Bearing Submerged in Water

Bearing Submerged in Water

(OP)
Dear all,

I am looking for some advice on using bearings submerged in water.

We are currently working on a submerged (slurry) pump that pumps water with plastic beads. Pump construction is very simple and schematics is shown below. Motor is 1500 RPM, 4kW, Shaft Dia is rouhly 22mm (1 inch). Pump pressure 2bar

Pump impeller is directly connected to prolonged motor shaft (all static and dynamic forces are taken by heavy duty motor bearing) There is no additional guiding of shaft. We however decided to prologue the shaft and prologue pumps reach. I am looking for some simple way to hold opposite end of shaft in radial direction. Since the pump volute is directly connected to motor I thought about fixing the shaft in volute casting with help of a bearing. The problem here is that as I mentioned before the pump is submerged in water (not clean by any means). Does anyone have any advice on what might work? I considered bronze or plastic sliding bearing but I dont know how they behave in water. Has anyone skilled in pump design ever encountered such problem and has any suggestions on some simple solution to my problem? (There is no way we can incorporate proper sealed bearing solution)

Thank you
Jack




RE: Bearing Submerged in Water

JacobGog-

This might work. Need to check your shaft radial load and shaft angular/radial displacements vs the bearing's capabilities. Also looks like you will need to allow for a continuous flow of water thru the bearing to provide cooling and flush debris.
http://www.duramaxmarine.com/bearingLine.htm

RE: Bearing Submerged in Water

The Duramax / Cutlass bearings are a good suggestion, provided that no abrasive particles are present. If there are any abrasives, they can get embedded into the rubber liner and grind away the shaft surface. Fancy hardening processes will help, but abrasives have a tendency to not care.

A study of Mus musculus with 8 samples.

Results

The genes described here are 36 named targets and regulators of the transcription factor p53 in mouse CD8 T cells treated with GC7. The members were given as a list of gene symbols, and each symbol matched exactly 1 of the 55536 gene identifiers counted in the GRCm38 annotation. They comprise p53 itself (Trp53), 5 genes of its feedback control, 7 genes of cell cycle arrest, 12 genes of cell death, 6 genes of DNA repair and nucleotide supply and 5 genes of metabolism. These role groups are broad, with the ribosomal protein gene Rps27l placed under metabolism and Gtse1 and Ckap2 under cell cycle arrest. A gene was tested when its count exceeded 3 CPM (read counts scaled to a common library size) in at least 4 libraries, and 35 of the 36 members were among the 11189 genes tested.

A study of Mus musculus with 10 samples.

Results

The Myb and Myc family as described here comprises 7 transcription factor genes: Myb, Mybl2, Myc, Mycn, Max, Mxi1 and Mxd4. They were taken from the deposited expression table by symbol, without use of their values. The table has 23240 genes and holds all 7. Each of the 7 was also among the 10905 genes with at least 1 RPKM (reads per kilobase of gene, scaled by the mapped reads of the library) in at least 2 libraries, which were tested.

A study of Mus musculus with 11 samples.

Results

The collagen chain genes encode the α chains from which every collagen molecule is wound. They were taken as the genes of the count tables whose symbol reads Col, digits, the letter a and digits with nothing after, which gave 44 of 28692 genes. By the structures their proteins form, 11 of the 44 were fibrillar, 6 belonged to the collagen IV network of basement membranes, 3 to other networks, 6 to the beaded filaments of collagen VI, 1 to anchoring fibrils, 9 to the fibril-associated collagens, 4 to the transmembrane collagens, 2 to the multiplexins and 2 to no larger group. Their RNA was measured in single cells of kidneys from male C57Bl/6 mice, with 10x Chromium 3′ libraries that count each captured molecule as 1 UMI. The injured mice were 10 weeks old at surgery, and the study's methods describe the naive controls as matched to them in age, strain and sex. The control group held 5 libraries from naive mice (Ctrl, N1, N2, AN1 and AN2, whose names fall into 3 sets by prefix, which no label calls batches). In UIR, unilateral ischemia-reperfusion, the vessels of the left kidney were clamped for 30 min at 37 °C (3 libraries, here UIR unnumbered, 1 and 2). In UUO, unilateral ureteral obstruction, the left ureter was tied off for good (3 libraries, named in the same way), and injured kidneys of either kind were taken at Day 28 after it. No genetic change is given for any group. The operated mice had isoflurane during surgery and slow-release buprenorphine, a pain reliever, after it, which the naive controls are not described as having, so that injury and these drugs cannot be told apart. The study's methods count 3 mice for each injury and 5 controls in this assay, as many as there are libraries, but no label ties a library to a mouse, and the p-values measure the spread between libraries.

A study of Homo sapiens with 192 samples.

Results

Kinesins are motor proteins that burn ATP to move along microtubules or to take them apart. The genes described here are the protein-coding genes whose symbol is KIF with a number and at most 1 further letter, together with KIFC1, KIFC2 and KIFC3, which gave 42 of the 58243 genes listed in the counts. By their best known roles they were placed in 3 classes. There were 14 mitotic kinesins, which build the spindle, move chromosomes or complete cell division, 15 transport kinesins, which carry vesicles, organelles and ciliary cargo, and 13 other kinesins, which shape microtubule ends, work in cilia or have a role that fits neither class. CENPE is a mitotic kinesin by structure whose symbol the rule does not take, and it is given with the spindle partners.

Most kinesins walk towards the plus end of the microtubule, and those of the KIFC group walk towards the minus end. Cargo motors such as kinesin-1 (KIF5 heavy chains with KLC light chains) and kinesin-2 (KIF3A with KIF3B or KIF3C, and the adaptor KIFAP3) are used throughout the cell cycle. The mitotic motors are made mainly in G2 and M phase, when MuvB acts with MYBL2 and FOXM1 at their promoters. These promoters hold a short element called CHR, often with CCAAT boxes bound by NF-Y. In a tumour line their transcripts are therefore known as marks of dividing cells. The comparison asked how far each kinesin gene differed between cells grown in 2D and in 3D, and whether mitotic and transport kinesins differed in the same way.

There are other plain bearing options, even sintered diamond technologies that will run in anything for practically forever. Depends on your budget, radial load, PV, process abrasives, and life expectations. You probably only need the bearing to last as long as the impeller.

RE: Bearing Submerged in Water

I have made a modification like this to a pump with good success. My pump looks much different than your, but the issues are the same. Our pump is a two stage, overhung, horizontal design running in concentrated caustic solution. We extended the impeller nut to serve as a stub shaft on the opposite end and added a tail bushing which runs in the pumped product. Any support there is better than nothing. We made our bushing from Graphalloy and our stub shaft from 4140 carbon steel. We modified the casing and added a separate housing to hold the new tail busing. The reliability of the pump improved drastically. It now runs for 3 or 4 years between failures. Before it was failing every few months.

For your application, I think Graphalloy would work well. Vespel might be better, at much higher cost. Carbon graphite or even solid Teflon would work. As I said before, anything is better than nothing.

Johnny Pellin

RE: Bearing Submerged in Water

OP apparently got all the info he needed on or about Dec 4.